What is service and client in perspective of data communication?
A service is a unit of functionality exposed to the world. The client of a service is merely the party consuming the service.
1. A user has a service with a one-way operation that includes a fault contract, and he
gets an exception when he tries to host the service. Why?
This happens because, to return faults, the service needs some form of a two-way communication channel in place, which is not the case with one-way operations.
2. A user has a service he wants to expose on the Internet, and it needs to send notifications
out to its consumers. Would the WCF Duplex MEP be a good choice for
No. The WCF Duplex MEP can be problematic to enable, even inside an enterprise.
Its implementation depends upon the service establishing a connection back to the consumer, which can’t happen in certain scenarios, such as when the client’s machine uses NAT behind a firewall. On the Internet, where you are never certain
where your consumers are coming from, this type of callback channel would rarely, if ever, work. When you factor in the security risks it could pose and the scalability concerns with the fact that callback channels require the presence of sessions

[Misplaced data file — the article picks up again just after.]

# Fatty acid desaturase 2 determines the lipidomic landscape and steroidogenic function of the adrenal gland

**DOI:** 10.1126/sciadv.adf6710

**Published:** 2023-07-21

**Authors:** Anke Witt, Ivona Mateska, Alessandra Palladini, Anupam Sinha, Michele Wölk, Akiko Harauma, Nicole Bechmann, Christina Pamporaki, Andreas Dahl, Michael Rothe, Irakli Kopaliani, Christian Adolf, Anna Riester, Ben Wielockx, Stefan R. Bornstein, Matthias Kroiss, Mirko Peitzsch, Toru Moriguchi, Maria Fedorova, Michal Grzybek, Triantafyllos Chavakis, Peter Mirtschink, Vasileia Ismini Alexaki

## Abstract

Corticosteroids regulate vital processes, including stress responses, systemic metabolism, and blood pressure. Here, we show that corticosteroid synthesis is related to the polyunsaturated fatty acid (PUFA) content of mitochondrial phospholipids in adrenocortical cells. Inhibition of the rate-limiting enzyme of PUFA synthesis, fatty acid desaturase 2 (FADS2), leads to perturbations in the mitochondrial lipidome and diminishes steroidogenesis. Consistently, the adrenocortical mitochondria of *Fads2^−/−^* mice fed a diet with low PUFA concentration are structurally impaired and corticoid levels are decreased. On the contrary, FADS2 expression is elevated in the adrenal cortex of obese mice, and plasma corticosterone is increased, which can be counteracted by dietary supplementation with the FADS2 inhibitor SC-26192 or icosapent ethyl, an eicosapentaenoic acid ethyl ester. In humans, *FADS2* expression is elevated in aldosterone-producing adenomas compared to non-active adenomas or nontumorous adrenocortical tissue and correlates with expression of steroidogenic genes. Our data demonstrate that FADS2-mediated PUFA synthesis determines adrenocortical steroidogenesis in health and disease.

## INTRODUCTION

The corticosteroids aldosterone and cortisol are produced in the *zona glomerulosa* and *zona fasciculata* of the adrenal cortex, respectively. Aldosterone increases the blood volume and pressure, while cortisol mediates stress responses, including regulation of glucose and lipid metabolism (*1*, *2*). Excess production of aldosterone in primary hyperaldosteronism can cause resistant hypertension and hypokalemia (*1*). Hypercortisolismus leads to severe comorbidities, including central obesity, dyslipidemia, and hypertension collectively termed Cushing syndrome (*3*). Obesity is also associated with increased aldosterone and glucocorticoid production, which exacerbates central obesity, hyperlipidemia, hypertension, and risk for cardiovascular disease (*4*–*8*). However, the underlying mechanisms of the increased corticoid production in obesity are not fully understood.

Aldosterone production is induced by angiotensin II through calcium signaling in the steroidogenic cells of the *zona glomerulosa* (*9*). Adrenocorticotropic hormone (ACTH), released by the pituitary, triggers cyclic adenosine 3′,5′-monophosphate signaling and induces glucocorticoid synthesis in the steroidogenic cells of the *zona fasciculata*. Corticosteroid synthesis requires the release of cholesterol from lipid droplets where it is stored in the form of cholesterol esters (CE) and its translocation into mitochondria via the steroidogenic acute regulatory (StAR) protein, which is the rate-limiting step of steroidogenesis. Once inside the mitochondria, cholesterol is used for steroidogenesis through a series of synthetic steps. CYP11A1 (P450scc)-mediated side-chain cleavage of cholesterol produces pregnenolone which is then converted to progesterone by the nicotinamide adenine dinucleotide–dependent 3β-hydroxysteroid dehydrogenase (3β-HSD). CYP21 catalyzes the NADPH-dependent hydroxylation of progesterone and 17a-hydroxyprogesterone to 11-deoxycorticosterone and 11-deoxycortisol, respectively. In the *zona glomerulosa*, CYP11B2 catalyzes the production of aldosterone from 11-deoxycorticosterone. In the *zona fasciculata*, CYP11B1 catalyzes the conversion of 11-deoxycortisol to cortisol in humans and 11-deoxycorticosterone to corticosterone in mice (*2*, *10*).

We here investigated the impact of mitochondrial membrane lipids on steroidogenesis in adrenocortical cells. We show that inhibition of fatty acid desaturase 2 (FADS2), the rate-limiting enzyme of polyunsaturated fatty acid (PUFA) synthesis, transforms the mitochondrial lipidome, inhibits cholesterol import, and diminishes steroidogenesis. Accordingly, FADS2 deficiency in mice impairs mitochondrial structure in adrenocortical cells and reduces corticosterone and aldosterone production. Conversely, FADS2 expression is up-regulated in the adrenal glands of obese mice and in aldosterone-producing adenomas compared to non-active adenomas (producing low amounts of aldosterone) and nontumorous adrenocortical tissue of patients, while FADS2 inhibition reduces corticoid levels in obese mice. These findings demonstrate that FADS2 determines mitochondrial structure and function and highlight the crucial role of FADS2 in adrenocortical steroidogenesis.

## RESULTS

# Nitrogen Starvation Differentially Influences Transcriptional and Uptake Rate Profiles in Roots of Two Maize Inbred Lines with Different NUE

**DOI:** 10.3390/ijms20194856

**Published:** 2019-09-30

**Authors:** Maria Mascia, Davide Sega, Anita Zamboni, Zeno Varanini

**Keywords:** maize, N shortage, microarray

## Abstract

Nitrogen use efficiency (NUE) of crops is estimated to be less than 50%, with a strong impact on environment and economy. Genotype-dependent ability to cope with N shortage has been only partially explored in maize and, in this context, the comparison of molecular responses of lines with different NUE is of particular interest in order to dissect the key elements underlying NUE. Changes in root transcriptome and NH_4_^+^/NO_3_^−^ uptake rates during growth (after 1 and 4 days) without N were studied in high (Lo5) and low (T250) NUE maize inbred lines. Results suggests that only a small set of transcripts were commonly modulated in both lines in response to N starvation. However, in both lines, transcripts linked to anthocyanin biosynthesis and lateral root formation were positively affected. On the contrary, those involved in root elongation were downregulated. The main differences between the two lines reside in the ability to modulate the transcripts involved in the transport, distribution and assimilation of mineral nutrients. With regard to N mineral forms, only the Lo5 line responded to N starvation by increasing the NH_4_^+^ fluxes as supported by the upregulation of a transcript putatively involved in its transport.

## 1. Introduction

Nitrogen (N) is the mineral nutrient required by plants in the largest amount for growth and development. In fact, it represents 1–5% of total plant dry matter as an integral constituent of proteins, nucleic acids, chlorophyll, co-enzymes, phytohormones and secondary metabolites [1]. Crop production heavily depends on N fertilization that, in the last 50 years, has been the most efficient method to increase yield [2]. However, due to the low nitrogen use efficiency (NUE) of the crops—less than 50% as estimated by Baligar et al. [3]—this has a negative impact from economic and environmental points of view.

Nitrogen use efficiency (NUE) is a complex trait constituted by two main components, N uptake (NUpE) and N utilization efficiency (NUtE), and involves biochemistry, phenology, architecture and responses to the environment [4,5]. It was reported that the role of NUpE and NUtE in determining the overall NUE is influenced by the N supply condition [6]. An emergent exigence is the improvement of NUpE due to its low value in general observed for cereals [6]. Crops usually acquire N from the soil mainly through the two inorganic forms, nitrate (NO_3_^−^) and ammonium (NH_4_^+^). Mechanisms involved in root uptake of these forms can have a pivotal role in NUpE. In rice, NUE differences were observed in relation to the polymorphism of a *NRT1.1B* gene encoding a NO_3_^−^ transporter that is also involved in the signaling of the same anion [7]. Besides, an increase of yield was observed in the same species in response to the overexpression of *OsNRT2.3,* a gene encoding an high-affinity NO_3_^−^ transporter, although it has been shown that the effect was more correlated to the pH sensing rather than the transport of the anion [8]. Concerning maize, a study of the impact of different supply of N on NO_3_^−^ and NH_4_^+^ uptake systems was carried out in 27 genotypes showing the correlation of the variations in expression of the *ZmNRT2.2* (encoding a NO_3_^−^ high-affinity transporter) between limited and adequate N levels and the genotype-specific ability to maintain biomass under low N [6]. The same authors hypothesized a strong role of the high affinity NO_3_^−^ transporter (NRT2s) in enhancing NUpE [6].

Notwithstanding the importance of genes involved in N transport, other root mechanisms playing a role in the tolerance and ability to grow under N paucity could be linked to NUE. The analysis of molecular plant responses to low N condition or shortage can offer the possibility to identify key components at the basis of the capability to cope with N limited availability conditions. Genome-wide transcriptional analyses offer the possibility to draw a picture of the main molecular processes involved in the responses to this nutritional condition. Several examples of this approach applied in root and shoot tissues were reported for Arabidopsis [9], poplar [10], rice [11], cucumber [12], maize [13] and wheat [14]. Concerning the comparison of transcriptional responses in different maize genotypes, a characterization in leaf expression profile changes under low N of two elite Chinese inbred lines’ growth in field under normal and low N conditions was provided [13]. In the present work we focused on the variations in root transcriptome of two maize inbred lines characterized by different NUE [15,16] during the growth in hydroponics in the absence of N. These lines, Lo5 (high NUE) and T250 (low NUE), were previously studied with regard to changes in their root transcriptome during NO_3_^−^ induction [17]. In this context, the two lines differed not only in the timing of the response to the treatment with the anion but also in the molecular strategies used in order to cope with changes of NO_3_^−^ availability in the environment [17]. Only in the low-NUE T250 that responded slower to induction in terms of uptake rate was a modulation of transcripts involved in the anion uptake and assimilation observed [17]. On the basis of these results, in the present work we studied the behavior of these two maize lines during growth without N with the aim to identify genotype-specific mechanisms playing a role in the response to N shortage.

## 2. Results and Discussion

between client and service, it isn’t a feasible solution.
3. You have a Data contract specifying a Person class from which you derive a Customer class. Does a Customer object automatically have a Data contract as well?
No. The Data contract is not inherited, so any derived class, such as the Customer class, would have to be explicitly declared as having a Data contract as well.
4. Your company has its own proprietary authentication mechanism, and you are required to authenticate every message coming into the service. What is the best way to handle using this mechanism with WCF?
Likely the best way to handle this would be to design a Message contract that accepts these proprietary authentication tokens in the header.
5. Can you support the Rpc SOAP style by using the DataContractSerializer?
Yes. You need only adorn your service with the DataContractFormatAttribute and explicitly set the attribute’s Style property to OperationFormatStyle.Rpc.
6. What does the “ABCs of endpoints” refer to?
The ABCs of endpoints refers to the three required elements that comprise a service endpoint: address, binding, and contract.
7. Which standard binding could be used for a service that was designed to replace an existing ASMX Web service?
The basicHttpBinding standard binding was designed to expose a service as if it were an ASMX Web service. This enables you to support existing clients as applications are upgraded to WCF.
8. What is the main disadvantage of using IIS to host a service?
Using IIS to host your services means that you will not be able to support non-HTTP protocols such as TCP, named pipes, and MSMQ. You will have access to the many built-in features available with IIS such as process recycling and messagebased
9. Which file specifies the types that your service will expose in IIS?
Service types are exposed through IIS by using the service file. This file must have an .svc file extension and should reside in the application directory for your IIS hosting application. This file will include an @ServiceHost directive, which specifies
the service name and language for the service code files. These files should be located in an App_Code subdirectory.